Wallerawang Power Station – Conveyor Coal Wash Down Pipework Installation
How many times have you ever walked onto a project, looked at something and said to yourself that there must have been a better way of doing that or I would have done this, well on this project Ryan Wilks got that opportunity. Working hand in hand with our client Delta Electricity Ryan Wilks was able to provide a cheaper and safer alternate design proposal for the recently completed coal wash-down pipework install at the Wallerawang Power Station.
Delta Electricity currently used a hydrant hose reel type pipe work system to daily wash down the coal supply system. To reduce costs associated with this water cleaning Delta proposed to install an alternate, more cost effective coal wash down pipe work system using the local river supply. In addition it was proposed that this same pipe system could, in the future be also used as a vacuum pipe system. The project brief involved the supply of labour and expertise to develop the initial Delta concept design (sketch) for the new wash-down system into a fully commissioned and operational system incorporating the installation of free issued pipe work and fittings (threaded black steel pipe work, hose reels, valves unions and fittings) supplied by Delta Electricity to cover the approx 750 m length of the Conveyors 1, 2 & 3 and the transfer towers.
Following an inspection on site Ryan Wilks observed a number of significant design and OHS issues that would need to be resolved before any works could start on site. In addition to obvious issues such as working within an operational power station and the strict OHS & E policy’s and procedures in place some of the specific factors that we had to consider in our design development were;
- Working around and above operating conveyors
- The coal, and more importantly coal dust
- The length of, and accessibility to each conveyor section, (overall length of approx 750 m)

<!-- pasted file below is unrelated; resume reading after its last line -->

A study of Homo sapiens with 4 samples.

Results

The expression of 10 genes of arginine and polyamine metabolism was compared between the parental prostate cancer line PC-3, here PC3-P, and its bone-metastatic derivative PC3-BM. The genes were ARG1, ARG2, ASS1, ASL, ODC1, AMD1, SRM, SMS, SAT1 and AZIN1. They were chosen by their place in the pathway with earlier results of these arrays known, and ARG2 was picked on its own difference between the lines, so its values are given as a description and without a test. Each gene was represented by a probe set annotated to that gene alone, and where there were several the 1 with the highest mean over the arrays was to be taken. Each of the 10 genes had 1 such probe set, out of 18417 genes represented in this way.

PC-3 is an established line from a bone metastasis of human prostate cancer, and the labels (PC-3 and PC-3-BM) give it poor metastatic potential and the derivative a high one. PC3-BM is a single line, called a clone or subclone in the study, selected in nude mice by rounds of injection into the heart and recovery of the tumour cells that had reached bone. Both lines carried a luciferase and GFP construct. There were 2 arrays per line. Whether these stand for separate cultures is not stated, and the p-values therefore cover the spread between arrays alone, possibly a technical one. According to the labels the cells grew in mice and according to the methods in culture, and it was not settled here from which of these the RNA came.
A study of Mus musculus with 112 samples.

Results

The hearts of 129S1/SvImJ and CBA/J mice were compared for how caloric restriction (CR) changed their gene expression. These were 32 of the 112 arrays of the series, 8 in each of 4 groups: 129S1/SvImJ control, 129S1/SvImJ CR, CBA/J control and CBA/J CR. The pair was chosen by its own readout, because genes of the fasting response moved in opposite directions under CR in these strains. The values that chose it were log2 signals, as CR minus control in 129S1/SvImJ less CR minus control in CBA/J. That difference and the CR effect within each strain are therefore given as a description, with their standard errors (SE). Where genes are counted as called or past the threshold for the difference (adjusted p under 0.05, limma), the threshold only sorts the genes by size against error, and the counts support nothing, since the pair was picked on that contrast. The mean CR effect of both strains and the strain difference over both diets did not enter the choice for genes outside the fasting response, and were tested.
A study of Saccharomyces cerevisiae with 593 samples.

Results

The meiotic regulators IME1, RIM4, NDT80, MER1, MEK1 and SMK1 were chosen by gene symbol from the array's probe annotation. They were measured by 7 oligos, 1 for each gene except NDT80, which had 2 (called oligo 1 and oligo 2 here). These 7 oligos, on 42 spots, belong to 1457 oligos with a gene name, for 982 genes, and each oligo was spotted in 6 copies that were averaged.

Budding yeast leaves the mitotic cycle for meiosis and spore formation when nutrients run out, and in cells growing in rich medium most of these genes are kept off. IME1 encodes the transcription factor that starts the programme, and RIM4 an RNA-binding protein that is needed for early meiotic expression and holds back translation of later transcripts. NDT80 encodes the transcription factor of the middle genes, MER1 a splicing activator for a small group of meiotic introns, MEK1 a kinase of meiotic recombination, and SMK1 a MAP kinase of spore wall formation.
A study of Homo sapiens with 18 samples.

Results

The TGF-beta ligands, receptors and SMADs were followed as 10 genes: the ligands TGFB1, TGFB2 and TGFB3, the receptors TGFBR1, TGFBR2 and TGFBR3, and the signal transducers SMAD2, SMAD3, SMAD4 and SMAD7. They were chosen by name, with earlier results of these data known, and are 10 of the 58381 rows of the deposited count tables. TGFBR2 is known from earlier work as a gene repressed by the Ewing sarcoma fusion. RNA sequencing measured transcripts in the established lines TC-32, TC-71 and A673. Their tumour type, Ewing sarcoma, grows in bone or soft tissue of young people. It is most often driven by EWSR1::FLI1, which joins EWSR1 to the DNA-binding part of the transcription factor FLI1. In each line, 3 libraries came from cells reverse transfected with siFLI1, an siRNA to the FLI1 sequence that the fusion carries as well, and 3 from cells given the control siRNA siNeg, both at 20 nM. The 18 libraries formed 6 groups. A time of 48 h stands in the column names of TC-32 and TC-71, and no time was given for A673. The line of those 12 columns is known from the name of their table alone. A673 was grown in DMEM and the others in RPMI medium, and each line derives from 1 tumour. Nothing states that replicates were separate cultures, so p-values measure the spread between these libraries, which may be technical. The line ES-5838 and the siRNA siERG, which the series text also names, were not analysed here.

- The slope (rise) of each conveyor, slopes up to 1:4 in Conveyors 2 & 3 (overall vertical rise approx 80m)
- The installation of threaded pipe & fitting
- Thermal Pipe Expansion (and contraction) of the pipe work due to temperature variants
- Thermal System (Water) Expansion due to temperature variants
- ERW (black steel) Pipe work
- Sealing of threaded pipe Joints, and or disconnection of “lock-tite” sealed joints for maintenance.
- Screwed connections, a major safety concern regarding the installation
- Use as a Vacuum system
In consideration of the above risks Ryan Wilks submitted two tenders for this project, one a complying bid based on the use of the existing free issue fitting and a second tender based on an alternate design based on the use of rolled groove or Victaulic galvanized pipe work and fittings. Our alternate design proposal (our engineered solution) generated a lot of discussions with Delta Electricity and proved to be the winning edge in securing this project for Ryan Wilks. By using the rolled groove Victaulic pipe work system Ryan Wilks were able to:
- Overcome a number of installation and design concerns noted above
- Reduce installation time. The victualic joints are quicker and easier to install as each joint required only 2 nuts to be tightened up on the coupling joint, thus eliminating the use of large stillsons and risks associated with tightening (screwed) joints adjacent to the operating conveyors.
- Reduce OHS risks associated with the works
- Reduce potential leaks associated with threaded connections
- Allows any pipe section to be easily removed, replaced for serviceability
- Victaulic Flushseal gaskets are rated to 99.9% vacuum
- Use of galvanized pipe and fittings, negates painting and minimizes (eliminate) rust problems as opposed to use black steel pipe
- Re-use existing pre-purchased (free issue) valves, hose reels and pump
- & most importantly provided a costs savings to Delta Electricity
The rolled groove Victaulic joints provided the airtight seal required, allowed easy installation, and more importantly easy removal if required for individual pipe sections. It proved a win win scenario for both Delta Electricity and Ryan Wilks.
So what did we actually do on site. Water was taken from the existing creek supply and run 200m in plastic pipe to the new 200,000 litre washdown storage tank installed by Delta. From the tank the water is then pumped to the new main washdown pipe that runs the full length of the conveyors. The pipe runs from the bottom at the start of Conveyor 1 up to the top located at the end of Conveyor 3, a total length of in excess of 750 m and rises vertically 80 m. Along the main pipe run a total of 21 hose reels and 32 vacuum ports have been installed. To minimise the likelihood of pipework connections becoming blocked when the system is used in vacuum mode each connection was made into the side of the main pipe. In addition isolation valves were fitted to enable each conveyor section of to be isolated for use in vacuum system, or for maintenance purposes. Nothing on site was done small. The new pump required a new supply cable to be run from the main switchboard then along Conveyor 1, under an access road to the pump, a total length of 300 metres.
The project was a success for both Ryan Wilks and Delta Electricity and was delivered on time and under budget.